Food truck debate—hell on wheels: On Tuesday, the Common Council extended its year-old permitting system for those devilish food trucks that continue to pop up in our fair city. The consternation caused last year by food trucks among bricks-and-mortar restaurateurs has largely dissipated with time and familiarity, save for one holdout critic: Tucker Curtin, owner of the Steer, the Lake Effect Diner, and Dug’s Dive, has been waging a one-man war against the roving vendors, a campaign which met its Waterloo at Tuesday’s meeting of the Common Council’s Legislative Committee and a special session that followed. Curtin and his attorney proposed a draconian set of new regulations for food trucks, including these: No food truck may operate within 100 feet of any private property of any sort without express permission of the owner or tenants; no food truck may park within 25 feet of a hydrant, intersection, or driveway to a lot with more than 10 spots; all food trucks must have a restaurant license; on top of that, all food truck workers must have a peddler’s license; and food trucks would operate under special restrictions on Elmwood and Hertel, as they already do downtown, where Buffalo Place holds sway.

To all this, an audience member who had come to testify about landmarking Trico felt compelled to add her two cents. “It’s not your job to protect one business from another,” Deborah Lynn Williams said to the committee.

Hallelujah—so much of local government’s business would be simplified if that simple notion were among its guiding principles.

Happily, reasonable efforts to find a way to integrate the new mobile entrepreneurs into the city’s permitting scheme prevailed. New food trucks will pay an $800 licensing fee; existing food trucks will pay $500 to have their licenses renewed for a year. Food trucks will be prohibited from operating within 100 feet of the outside wall of a bricks-and-mortar restaurant while that restaurant is open for business. Buffalo Place will continue to enforce its own set of rules and collect special licensing fees. Neither advocates for the food trucks nor Curtin were fully satisfied by the outcome. (North District Councilman Joe Golombek, who has taken the lead on designing the new statute, said both sides took turns being angry with him through the process.) Perfect: The wheels of government turn.

Easter EG&G hunt: We saw a notice in Monday’s Niagara Gazette advertising an Easter egg hunt at the Niagara Arts & Cultural Center at the corner of Pine Avenue and Portage Road in Niagara Falls this Saturday. Sounded like fun—face painting, an Easter Bunny, raffles—but something about the location sounded a dire note.

When we hear that note, and the address that provokes it is in Niagara County, we turn to a couple standby references: radiological surveys conducted on behalf of the US Department of Energy in the 1970s by an engineering firm called EG&G and in the 1980s by Oak Ridge National Laboratories, both of which identified numerous radioactive hotspots throughout the county.

Bingo—both the Oak Ridge and the EG&G reports identify numerous radiological “anomalies” or hot spots on the NACC property, site of the former Niagara Falls High School. If those hot spots have been investigated or remediated in the past 30 years, it happened outside any existing regulatory framework. Nice place to bring the kids…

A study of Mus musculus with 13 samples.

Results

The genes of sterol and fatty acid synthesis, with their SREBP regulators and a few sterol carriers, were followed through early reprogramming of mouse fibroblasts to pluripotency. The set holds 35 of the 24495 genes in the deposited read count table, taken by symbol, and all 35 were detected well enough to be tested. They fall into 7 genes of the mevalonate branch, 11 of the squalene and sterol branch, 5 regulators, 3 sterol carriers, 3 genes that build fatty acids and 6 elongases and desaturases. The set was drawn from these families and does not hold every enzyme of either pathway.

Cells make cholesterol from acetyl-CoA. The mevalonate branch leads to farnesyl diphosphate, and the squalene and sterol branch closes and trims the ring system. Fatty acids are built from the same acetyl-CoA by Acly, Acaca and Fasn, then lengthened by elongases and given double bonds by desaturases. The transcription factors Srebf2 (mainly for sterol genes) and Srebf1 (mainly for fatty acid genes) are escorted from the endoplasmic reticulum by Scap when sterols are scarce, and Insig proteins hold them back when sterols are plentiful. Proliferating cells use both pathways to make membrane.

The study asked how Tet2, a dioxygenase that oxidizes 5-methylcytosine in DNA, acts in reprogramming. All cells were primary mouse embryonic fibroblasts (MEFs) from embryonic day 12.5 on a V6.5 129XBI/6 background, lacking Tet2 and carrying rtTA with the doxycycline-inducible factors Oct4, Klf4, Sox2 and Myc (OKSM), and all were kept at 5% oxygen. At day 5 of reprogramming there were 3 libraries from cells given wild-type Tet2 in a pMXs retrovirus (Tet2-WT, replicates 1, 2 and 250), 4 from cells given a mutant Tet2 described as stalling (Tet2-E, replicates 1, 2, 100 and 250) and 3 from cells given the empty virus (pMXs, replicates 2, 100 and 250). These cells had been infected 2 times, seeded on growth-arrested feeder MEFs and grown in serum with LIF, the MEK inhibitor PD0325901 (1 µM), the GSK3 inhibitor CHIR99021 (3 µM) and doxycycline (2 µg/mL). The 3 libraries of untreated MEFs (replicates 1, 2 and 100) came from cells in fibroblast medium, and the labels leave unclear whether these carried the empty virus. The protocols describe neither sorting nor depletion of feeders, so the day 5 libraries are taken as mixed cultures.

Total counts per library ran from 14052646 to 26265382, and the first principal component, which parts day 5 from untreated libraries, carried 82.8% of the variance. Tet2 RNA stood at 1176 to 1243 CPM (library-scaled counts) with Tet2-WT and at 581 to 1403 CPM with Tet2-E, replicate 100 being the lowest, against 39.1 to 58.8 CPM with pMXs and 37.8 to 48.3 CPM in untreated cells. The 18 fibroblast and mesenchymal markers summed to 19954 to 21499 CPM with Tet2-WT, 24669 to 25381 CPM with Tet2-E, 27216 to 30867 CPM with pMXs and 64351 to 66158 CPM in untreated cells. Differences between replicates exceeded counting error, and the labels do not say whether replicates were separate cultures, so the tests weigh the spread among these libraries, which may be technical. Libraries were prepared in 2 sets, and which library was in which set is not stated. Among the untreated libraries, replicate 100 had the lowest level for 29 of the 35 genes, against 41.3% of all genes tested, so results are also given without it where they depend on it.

• The Partnership for the Public Good has just released a report analyzing how well the Niagara River Greenway Commission has performed the mission for which it was created in 2004: the creation of a greenway—“a linear system of state and local parks and conservation areas linked by a network of multi-use trails.” The report finds that about half of the $46 million the NRGC has spent since its creation—money that comes from the New York Power Authority—has been spent on projects that have noting to do with creation of such a greenway. An athletic complex for the Lewiston Porter Schools, for example, ate up $4.62 million.

PPG co-director Sam Magavern says, “One reason for the mission creep is that the Greenway Plan [which was adopted in 2007] defines the Greenway much more broadly than the law did.” The PPG report recommends that state law be amended so that the commission is restricted to spending funds that contribute directly to the completion and enhancement of a Niagara River greenway.

• Mayor Byron Brown’s re-election campaign picked up his first big endorsement this week: The Buffalo Niagara Partnership came out Monday in favor of Brown, just two days after the mayor formally announced he would seek re-election. In an email to BNP’s membership, the chamber of commerce’s lame-duck president and CEO, Andrew Rudnick, wrote that Brown “continues to be the right man for the job…no matter who else may enter into the race.” Now there’s a scientific mind at work. No condition might prevail that would alter BNP’s endorsement of Brown? Nothing? Rudnick called the endorsement a “no brainer.” If that’s so, then he’s the right man to make the call.

We hear that Christina Orsi, currently Western New York Regional Director for Empire State Development Corporation, is likely to succeed Rudnick as head of BNP.